On a visit to Burkina Faso last year, Emmanuel Macron promised to repatriate Africa’s plundered artworks. The French president said he would start a process of returning African art and artefacts held in France’s public collections, as part of efforts to reset relations with former colonies. “The crimes of European colonisation are unquestionable,” he said. “It’s a past that needs to pass.”
Just months later, Mr Macron has followed up on his promise by appointing two independent experts, Senegalese economist Felwine Sarr and French art historian Bénédicte Savoy, to draw up a set of recommendations for how to do it.
It is a highly significant move. For the first time, a conversation that is usually held behind the closed doors of museums will be brought into the public gaze, when the two make their report in November. Every western museum with ethnographic holdings will be watching intently. Although guidelines set in France might have no legal sway in other countries, the moral pressure of public opinion will carry weight elsewhere.
Recent French presidents have had close connections to the country’s museums: Georges Pompidou created the groundbreaking Pompidou Centre in the 1970s; his successor, Valéry Giscard d’Estaing, oversaw the setting up of the Musée d’Orsay; François Mitterrand marshalled the expansion of the Louvre. Jacques Chirac was passionate about non-European Art. It was his outstanding private collection, and public ambition for ethnographic art, that brought about Paris’s great Quai Branly Museum in 2006. It contains thousands of superb African and Eurasian artworks, and now — perhaps ironically, in view of Mr Macron’s intentions — bears Mr Chirac’s name.
The director of the Quai Branly-Jacques Chirac Museum, Stéphane Martin, has in the past told writers he has no intention of becoming an “apology museum”. Once a staunch refusenik of returning art, he has recently sided cautiously with Mr Macron — although he is more in favour of extended loan programmes than full repatriation.
One issue that cannot be dodged is the question of where artefacts might find a safe home, once returned to their countries of origin. Few of Africa’s museums are able to match western conservation standards, and Mr Macron’s caveat that France would “set the conditions” for repatriation was seen as contentious or condescending by some.
California-based art historian Sylvester Okwunodu Ogbechie told artnet news it was “arrogantly wrong to imagine that France should have the last word on what constitutes safe conditions for managing these artefacts”.
Mr Sarr and Professor Savoy are taking on a job few would envy. Writing the rule book for the return of cultural objects held outside their country of origin involves labyrinthine ethical, legal and practical complexities. Yet the duo could be up to the challenge.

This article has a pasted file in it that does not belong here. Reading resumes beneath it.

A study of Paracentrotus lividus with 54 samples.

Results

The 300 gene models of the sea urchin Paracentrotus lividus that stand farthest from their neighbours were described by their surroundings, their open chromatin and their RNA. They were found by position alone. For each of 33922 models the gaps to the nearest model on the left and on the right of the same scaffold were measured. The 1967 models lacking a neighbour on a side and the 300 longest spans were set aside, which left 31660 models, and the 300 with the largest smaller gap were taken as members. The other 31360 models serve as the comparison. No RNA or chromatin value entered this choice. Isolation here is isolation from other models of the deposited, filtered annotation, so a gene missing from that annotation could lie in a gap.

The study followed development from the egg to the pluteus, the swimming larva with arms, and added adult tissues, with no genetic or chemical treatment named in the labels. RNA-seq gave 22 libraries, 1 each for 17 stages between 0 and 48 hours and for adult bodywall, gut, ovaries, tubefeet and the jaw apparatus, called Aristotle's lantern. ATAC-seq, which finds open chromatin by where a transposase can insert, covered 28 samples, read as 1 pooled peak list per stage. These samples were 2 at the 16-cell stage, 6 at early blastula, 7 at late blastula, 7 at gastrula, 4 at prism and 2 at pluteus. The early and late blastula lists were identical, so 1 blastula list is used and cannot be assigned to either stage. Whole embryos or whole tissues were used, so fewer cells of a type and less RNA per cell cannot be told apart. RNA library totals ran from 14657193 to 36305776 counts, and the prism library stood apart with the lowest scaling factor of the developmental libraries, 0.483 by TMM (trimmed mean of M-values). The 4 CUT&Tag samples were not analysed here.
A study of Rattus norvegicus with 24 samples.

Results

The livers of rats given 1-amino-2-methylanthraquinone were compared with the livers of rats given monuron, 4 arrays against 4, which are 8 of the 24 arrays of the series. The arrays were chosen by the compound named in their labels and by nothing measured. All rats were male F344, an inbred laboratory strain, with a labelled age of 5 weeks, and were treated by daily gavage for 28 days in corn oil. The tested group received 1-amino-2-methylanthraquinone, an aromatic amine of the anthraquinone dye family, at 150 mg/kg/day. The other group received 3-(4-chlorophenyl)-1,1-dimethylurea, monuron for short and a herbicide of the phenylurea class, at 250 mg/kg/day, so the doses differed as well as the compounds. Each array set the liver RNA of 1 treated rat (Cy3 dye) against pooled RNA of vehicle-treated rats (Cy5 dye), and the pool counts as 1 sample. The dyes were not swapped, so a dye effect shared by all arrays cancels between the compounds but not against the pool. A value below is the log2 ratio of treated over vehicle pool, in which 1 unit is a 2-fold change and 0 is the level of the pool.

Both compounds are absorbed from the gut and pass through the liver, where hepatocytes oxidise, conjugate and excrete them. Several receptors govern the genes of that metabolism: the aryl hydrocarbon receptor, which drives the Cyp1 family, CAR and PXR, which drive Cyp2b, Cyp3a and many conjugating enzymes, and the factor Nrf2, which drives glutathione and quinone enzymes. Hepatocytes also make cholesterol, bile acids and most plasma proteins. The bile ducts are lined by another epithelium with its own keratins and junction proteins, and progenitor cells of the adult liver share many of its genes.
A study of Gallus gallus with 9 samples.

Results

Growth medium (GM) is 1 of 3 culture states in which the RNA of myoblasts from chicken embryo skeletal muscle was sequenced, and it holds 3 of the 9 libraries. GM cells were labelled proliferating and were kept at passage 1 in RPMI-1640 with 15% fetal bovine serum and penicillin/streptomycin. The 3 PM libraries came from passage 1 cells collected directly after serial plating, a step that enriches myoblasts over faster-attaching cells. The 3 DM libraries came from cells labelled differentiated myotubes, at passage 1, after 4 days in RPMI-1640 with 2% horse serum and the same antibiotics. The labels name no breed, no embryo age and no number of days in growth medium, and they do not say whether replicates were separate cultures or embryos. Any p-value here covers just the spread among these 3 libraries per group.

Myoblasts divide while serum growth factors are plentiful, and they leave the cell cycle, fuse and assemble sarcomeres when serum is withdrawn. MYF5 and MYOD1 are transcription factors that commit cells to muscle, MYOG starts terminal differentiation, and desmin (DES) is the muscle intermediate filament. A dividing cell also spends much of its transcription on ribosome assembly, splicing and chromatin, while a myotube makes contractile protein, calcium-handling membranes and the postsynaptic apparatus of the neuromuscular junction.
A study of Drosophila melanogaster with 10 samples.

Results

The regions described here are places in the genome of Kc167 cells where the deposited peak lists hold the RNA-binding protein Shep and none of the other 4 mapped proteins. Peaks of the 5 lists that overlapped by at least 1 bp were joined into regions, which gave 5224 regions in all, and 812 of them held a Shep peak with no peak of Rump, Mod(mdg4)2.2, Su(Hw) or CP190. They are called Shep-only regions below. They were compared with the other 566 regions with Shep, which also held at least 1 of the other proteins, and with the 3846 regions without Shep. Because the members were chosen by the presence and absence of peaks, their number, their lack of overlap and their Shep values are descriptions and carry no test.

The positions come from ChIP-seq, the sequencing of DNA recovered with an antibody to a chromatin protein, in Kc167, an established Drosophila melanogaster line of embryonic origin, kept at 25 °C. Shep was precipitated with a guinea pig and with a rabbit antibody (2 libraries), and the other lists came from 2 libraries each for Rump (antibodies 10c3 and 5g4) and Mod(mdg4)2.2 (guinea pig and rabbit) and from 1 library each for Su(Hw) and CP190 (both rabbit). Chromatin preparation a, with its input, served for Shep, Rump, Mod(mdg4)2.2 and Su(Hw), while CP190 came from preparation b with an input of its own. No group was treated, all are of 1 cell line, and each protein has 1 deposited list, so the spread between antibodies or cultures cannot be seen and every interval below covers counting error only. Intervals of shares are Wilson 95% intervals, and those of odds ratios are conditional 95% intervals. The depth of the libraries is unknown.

The polymath Mr Sarr, 45, is an academic, economist, novelist, publisher, musician and more. Prof Savoy, also 45, is an outspoken art historian, who resigned in July from her position at Berlin’s Humboldt Forum in protest against insufficient attention paid to the provenance of works from Africa and elsewhere.
“I want to know how much blood is dripping from each artwork,” she told Süddeutsche Zeitung last year.
Beyond the dramatic rhetoric, Prof Savoy’s comment highlights important problems: with hundreds of thousands of such artworks in western museums, almost every item would have to be assessed case by case. Some — acquired by donation or legacy or purchased legally — might be judged innocent. Others, however, are notorious as spoils of conquest. Many of the magnificent bronzes, plundered from Benin City in 1897 by British troops, reside in the British Museum. Some were sold off and are now in museums across Europe and North America — but remain similarly tainted.
In Britain, a glittering example is soon to come on show. The gold crown of the emperor of Abyssinia (now Ethiopia), seized by British forces in 1868, has lodged since then in the Victoria and Albert Museum — despite requests for its return. It will take pride of place in an April show of Ethiopian treasures at the museum.
Tristram Hunt, the V&A’s director, addressed the problem head-on in a press release: “As custodians of a number of important Ethiopian objects taken from Maqdala by the British military 150 years ago, we have a responsibility to celebrate the beauty of their craftsmanship, reflect on their modern meaning, and shine a light on this collection’s controversial history,” he writes.
Despite working closely with the Ethiopian community in London, and Mr Hunt’s undoubtedly good intentions, he will be lucky to get away without a fight on this one.
This article was originally published by the Financial Times.
Copyright The Financial Times Limited 2018.